Roof-Top Farming In India

Via The Hindustan Times, an article on a program in India that encourages roof-top farming:

As part of Bihar government’s initiative to encourage roof-top farming in urban areas, horticulture department officials have begun work to identify 230 “suitable” roof tops for which applications have already been invited.

The key objective behind the initiative is to increase green cover in urban pockets of Bihar, apart from adding to the income of the urban population. As incentives, the state’s horticulture department is even offering 50 per cent subsidy on the entire cost of the roof top farming.

In the first leg of the ambitious project, it has decided to launch roof top farming in four districts of Gaya, Patna, Bhagalpur and Nalanda.

In Gaya, the process has already started. “We are getting an encouraging response. So far, 70 people have applied for rooftop farming in association with the horticulture department, which will provide them the know-how as well as seeds and other logistics for proper irrigation facilities,’’ assistant director at the horticulture department, Om Prakash Mishra, said.

Persons having not less than 300 square feet area on roof top would be eligible for the project, Mishra said.

As per estimates, the total cost for a single unit roof top farm of 300 square feet is Rs 50,000, of which the state government would share Rs 25,000. “The roof top farming would not only prove to be an additional income for urban people, but it would also ensure green cover across urban areas and maintain environmental balance against the onslaught of the global warming,’’ horticulture officials said.

Once selected, urban farmers would be provided adequate training. “We have also identified seeds and plants ideal for roof top farming. Initially, we have decided to grow vegetables and medicinal plants which would be further strengthened with ornamental plants to add to the beauty of the roof top farms,” Mishra said. During his recent visit to Gaya where more than 120 people died of heat wave this year, chief minister Nitish Kumar had held a review meeting here and stressed the need to ensure greenery across rural and urban areas.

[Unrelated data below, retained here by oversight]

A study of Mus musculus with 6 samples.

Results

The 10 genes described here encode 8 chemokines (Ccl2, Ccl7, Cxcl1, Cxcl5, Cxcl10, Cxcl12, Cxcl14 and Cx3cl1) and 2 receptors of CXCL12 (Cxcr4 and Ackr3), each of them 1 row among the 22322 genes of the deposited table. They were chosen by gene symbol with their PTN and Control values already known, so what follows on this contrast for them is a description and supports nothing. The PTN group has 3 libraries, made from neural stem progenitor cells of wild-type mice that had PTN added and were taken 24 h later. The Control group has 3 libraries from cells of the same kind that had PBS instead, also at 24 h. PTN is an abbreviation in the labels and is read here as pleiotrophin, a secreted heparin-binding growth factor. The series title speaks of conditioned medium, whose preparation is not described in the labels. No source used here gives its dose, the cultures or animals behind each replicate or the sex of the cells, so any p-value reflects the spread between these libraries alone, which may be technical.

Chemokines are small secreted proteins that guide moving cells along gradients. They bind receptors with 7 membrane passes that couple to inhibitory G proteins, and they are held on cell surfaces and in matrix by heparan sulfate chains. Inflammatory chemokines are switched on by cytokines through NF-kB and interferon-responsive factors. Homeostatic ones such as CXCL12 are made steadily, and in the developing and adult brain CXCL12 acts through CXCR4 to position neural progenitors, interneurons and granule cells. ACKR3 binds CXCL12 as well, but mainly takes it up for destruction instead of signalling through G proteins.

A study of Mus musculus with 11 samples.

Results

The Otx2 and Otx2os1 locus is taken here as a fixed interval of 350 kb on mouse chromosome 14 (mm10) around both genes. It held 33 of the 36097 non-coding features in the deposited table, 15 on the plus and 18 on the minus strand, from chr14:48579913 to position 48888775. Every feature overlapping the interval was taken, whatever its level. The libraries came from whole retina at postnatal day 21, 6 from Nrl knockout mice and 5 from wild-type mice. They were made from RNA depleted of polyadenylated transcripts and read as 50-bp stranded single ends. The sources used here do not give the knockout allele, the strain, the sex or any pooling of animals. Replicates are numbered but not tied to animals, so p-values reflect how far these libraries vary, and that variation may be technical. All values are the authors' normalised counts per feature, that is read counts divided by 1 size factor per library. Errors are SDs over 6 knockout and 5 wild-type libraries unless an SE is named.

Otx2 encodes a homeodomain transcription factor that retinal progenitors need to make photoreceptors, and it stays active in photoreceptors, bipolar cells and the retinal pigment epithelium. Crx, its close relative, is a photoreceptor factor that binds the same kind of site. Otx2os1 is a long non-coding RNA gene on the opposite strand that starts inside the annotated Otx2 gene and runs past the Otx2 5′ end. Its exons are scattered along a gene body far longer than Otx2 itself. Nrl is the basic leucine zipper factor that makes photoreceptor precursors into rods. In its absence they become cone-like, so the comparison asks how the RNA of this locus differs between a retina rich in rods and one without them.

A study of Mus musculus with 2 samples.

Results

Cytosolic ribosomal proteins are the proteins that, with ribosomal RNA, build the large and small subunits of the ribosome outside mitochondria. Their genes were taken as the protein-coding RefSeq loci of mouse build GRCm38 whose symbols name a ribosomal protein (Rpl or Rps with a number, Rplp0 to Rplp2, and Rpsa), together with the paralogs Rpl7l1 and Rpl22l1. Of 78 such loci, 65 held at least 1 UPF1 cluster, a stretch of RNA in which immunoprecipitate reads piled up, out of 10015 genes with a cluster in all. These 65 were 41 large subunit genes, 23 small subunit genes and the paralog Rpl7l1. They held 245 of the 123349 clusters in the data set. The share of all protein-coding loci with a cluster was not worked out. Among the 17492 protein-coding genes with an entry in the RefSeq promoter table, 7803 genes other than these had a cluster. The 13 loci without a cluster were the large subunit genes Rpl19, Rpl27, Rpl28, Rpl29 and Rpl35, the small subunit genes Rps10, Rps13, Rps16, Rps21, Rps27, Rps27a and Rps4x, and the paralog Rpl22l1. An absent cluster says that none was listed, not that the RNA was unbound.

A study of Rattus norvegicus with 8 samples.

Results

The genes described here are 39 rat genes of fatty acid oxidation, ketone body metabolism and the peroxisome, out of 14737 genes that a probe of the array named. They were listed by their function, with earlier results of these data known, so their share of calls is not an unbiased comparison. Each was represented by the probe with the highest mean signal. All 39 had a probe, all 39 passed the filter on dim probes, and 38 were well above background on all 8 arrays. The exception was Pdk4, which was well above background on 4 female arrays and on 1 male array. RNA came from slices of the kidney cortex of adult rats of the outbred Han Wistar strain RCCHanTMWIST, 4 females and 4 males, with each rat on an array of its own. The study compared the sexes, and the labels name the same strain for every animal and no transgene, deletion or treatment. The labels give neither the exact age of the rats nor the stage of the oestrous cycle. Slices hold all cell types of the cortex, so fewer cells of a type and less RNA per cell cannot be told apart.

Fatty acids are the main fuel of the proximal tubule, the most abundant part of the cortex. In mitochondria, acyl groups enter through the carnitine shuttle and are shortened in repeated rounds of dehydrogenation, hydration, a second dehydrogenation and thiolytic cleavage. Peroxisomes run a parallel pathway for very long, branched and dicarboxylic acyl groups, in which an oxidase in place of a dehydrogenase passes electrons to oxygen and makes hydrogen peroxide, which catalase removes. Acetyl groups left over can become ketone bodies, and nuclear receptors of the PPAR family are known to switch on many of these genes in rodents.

This entry was posted on Sunday, July 7th, 2019 at 11:34 am and is filed under Uncategorized.  You can follow any responses to this entry through the RSS 2.0 feed.  You can leave a response, or trackback from your own site. 

Leave a Reply

You must be logged in to post a comment.


About This Blog And Its Author
As potential uses for building and parking lot roofspace continue to grow, unique opportunities to understand and profit from this trend will emerge. Roof Options is committed to tracking the evolving uses of roof estate – spanning solar power, rainwater harvesting, wind power, gardens & farms, “cooling” sites, advertising, apiculture, and telecom transmission platforms – to help unlock the nascent, complex, and expanding roofspace asset class.

Educated at Yale University (Bachelor of Arts - History) and Harvard (Master in Public Policy - International Development), Monty Simus has held a lifelong interest in environmental and conservation issues, primarily as they relate to freshwater scarcity, renewable energy, and national park policy. Working from a water-scarce base in Las Vegas with his wife and son, he is the founder of Water Politics, an organization dedicated to the identification and analysis of geopolitical water issues arising from the world’s growing and vast water deficits, and is also a co-founder of SmartMarkets, an eco-preneurial venture that applies web 2.0 technology and online social networking innovations to motivate energy & water conservation. He previously worked for an independent power producer in Central Asia; co-authored an article appearing in the Summer 2010 issue of the Tulane Environmental Law Journal, titled: “The Water Ethic: The Inexorable Birth Of A Certain Alienable Right”; and authored an article appearing in the inaugural issue of Johns Hopkins University's Global Water Magazine in July 2010 titled: “H2Own: The Water Ethic and an Equitable Market for the Exchange of Individual Water Efficiency Credits.”